After bruising midyear elections, Georgia Republicans refill coffers

State Republican Party Chairman David Shafer said the GOP needs more money and better organization to regain momentum in Georgia. BOB ANDRES / BANDRES@AJC.COM

State Republican Party Chairman David Shafer said the GOP needs more money and better organization to regain momentum in Georgia. BOB ANDRES / BANDRES@AJC.COM

After Georgia Democrats made big gains in the midterm legislative elections and came close to winning the Governor’s Mansion and other statewide posts, even some Republicans worried the momentum was starting to turn against them.

But recently filed campaign disclosure reports show big-money donors, lobbyists and special-interest business associations are sticking with the majority party, big time.

The Georgia GOP and the political action committees for the party’s majority caucuses raised more than $1.3 million during the past five months, much of it since the 2019 legislative session ended.

The haul has allowed the Georgia Republican Party to pay down its debt — much of it run up because it had to fight a staff racial discrimination lawsuit. The debt was $736,000 at the end of December 2017, a few months after the case was settled. As of June 30, the party listed about $139,000 in debt.

Republican Party Chairman David Shafer said after the tough midterm elections — during which Democratic gubernatorial nominee Stacey Abrams spent a record amount of money — fundraising had to be one of the GOP's priorities.

“The 2018 elections were uncomfortably close,” he said. “It will take more money and better organization going forward. The era of complacency has ended.”

The state Democratic Party reported raising about $400,000 in the first six months of the year. The two parties had similar amounts banked as of the end of the reporting period.

“I feel great about where we sit financially, and you are going to see a bigger spike in the numbers over the next few reporting cycles,” said Scott Hogan, the executive director of the Democratic Party of Georgia. “Folks want to engage, they want to donate. Democrats are more tuned in, more excited about this (upcoming) election in Georgia.”

During the first half of the year, neither party came close to matching the kind of money brought in by the political action committee for Fair Fight Action, the voting rights group started by Abrams. Fair Fight's PAC, like Abrams' campaign last year, has national reach, and it took in $3.9 million during the first six months of the year, most of it from outside of Georgia.

Fair Fight’s PAC, while unaffiliated with the Democratic Party, contributed to the campaigns of more than 50 Democratic lawmakers and gave to organizations that support some of the party’s top issues.

However, while Democrats won seats in the midterm elections and are vowing to go after GOP lawmakers who backed a new law to restrict abortion, the traditional big-money donors gave heavily to the Republican cause.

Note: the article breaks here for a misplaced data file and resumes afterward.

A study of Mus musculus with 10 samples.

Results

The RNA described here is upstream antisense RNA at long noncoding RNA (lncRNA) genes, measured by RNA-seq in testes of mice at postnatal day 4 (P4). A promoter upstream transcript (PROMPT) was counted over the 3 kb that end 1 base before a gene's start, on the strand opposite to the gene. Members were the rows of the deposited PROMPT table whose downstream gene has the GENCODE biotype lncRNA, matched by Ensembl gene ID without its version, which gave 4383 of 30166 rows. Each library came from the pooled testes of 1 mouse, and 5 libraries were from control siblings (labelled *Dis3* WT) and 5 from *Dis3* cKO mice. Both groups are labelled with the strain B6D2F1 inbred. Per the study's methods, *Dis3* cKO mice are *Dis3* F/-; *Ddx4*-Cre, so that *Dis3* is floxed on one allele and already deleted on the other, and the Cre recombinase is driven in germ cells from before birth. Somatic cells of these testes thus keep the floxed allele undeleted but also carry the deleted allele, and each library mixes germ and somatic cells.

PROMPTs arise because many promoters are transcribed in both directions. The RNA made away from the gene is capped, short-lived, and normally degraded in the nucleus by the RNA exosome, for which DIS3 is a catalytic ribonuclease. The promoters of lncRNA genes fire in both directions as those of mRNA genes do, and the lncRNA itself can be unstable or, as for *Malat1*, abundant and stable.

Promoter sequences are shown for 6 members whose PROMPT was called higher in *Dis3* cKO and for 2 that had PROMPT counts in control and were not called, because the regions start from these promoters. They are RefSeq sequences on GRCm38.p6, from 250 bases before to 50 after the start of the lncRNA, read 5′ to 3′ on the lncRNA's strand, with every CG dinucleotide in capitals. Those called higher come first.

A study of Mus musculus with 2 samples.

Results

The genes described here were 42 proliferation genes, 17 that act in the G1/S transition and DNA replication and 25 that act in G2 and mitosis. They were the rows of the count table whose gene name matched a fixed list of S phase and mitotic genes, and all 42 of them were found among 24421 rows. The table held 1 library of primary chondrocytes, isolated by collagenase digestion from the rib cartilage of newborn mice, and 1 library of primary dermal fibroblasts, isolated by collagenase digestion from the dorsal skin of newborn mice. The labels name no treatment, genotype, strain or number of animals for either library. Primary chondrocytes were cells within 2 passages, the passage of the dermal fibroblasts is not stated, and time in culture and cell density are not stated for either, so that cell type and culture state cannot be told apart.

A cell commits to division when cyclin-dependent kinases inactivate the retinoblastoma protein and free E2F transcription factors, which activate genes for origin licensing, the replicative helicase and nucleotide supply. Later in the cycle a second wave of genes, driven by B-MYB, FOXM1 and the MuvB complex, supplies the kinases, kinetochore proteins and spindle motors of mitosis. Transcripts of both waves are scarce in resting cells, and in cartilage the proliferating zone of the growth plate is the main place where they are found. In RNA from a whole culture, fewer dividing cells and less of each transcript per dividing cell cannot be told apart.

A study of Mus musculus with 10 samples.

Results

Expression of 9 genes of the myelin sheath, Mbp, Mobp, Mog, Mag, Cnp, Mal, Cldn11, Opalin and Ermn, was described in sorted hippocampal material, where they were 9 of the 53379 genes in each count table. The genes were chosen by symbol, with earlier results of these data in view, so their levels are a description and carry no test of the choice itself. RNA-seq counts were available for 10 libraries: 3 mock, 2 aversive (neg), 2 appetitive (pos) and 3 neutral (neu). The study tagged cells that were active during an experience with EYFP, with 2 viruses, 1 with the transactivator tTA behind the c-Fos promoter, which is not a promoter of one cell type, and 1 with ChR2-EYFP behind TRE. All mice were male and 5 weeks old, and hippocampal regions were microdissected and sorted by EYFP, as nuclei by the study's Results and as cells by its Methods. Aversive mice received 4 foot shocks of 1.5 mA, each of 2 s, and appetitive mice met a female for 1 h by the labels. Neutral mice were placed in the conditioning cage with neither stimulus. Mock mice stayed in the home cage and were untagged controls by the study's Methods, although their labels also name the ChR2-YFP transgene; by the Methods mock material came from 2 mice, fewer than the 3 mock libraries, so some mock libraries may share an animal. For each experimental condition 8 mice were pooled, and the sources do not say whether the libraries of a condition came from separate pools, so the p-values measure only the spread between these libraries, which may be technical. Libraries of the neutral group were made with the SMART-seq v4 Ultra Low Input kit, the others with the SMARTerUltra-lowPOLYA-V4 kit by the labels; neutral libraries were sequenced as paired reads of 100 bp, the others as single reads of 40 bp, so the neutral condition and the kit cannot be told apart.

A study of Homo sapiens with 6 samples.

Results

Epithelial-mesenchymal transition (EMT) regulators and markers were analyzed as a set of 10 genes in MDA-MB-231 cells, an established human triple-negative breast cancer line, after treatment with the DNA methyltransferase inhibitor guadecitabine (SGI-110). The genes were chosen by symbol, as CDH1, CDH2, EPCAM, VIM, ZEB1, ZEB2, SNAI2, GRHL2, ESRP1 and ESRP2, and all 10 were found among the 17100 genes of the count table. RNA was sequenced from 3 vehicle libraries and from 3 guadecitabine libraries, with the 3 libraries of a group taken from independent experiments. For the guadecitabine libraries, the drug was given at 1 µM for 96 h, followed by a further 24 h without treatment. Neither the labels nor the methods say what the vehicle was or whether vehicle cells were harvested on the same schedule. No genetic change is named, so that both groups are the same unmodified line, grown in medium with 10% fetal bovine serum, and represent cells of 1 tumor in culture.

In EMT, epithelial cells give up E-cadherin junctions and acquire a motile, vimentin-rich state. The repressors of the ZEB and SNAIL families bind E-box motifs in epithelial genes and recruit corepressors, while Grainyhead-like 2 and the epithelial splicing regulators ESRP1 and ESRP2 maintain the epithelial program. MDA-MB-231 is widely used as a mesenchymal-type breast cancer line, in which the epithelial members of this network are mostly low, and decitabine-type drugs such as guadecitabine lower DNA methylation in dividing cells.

The party’s report shows its biggest donor was a national Republican committee called Take Back the House 2020, which gave $90,000.

But the state GOP also received $30,000 from executives of the General Wholesale Co., an Atlanta-based beverage distributor; $25,000 from another distributor, Georgia Crown Distributing; $25,000 from Georgia Power; and $10,000 each from Coca-Cola, Waffle House, heavy-equipment company Yancey Brothers, the Georgia Association of Realtors and CoreCivics of Tennessee, a private prison company that received almost $100 million from the state for housing inmates in 2018. Several other major associations, companies and lobbyists gave between $1,000 and $10,000.

Likewise, the Georgia House Republican Trust and Georgia Republican Senatorial Committee took in major contributions from dozens of businesses and associations with interest in Statehouse happenings during the first half of the year.

The trial lawyers association gave $35,000. Infrastructure design firm HNTB, which did about $45 million worth of business with the Department of Transportation last year, contributed $27,500 to the House Republican Trust. Georgia Racing & Entertainment — based in the tallest building in Indianapolis — gave $25,000. Republican lawmakers have pushed horse racing and casino gambling legislation the past few years.

Georgia Power chipped in $20,000, UPS $17,500 and Walmart $16,000, while nursing home giant United Health Services contributed $15,000 to the House Republicans.

Combined, the state party and the two caucus funds listed having more than $1 million in the bank as of June 30, about 17 months before the 2020 elections.

The Democratic Party received a smaller amount from the trial lawyers, as well as money from the grocery store, convenience store and community hospital associations, mega drug company Pfizer and the major Statehouse lobbying firm Troutman Sanders.

For the Georgia Republican Party, the strong fundraising was especially important because it has been trying to both win elections and dig out from under a mountain of debt over the past several years.

The Atlanta Journal-Constitution reported in the fall of 2017 that the party paid more than $500,000 to settle a racial discrimination lawsuit filed by a former staffer," with the tab running closer to $1 million with legal fees.

Qiana Keith, a former GOP staffer, said her co-workers had referred to her with a racial slur and humiliated her.

The party spent several years before and after the settlement deferring payments and running up debt. Shafer said it’s important for that era to end.

Said Shafer: “We need to get out of the business of borrowing against future elections to win current ones.”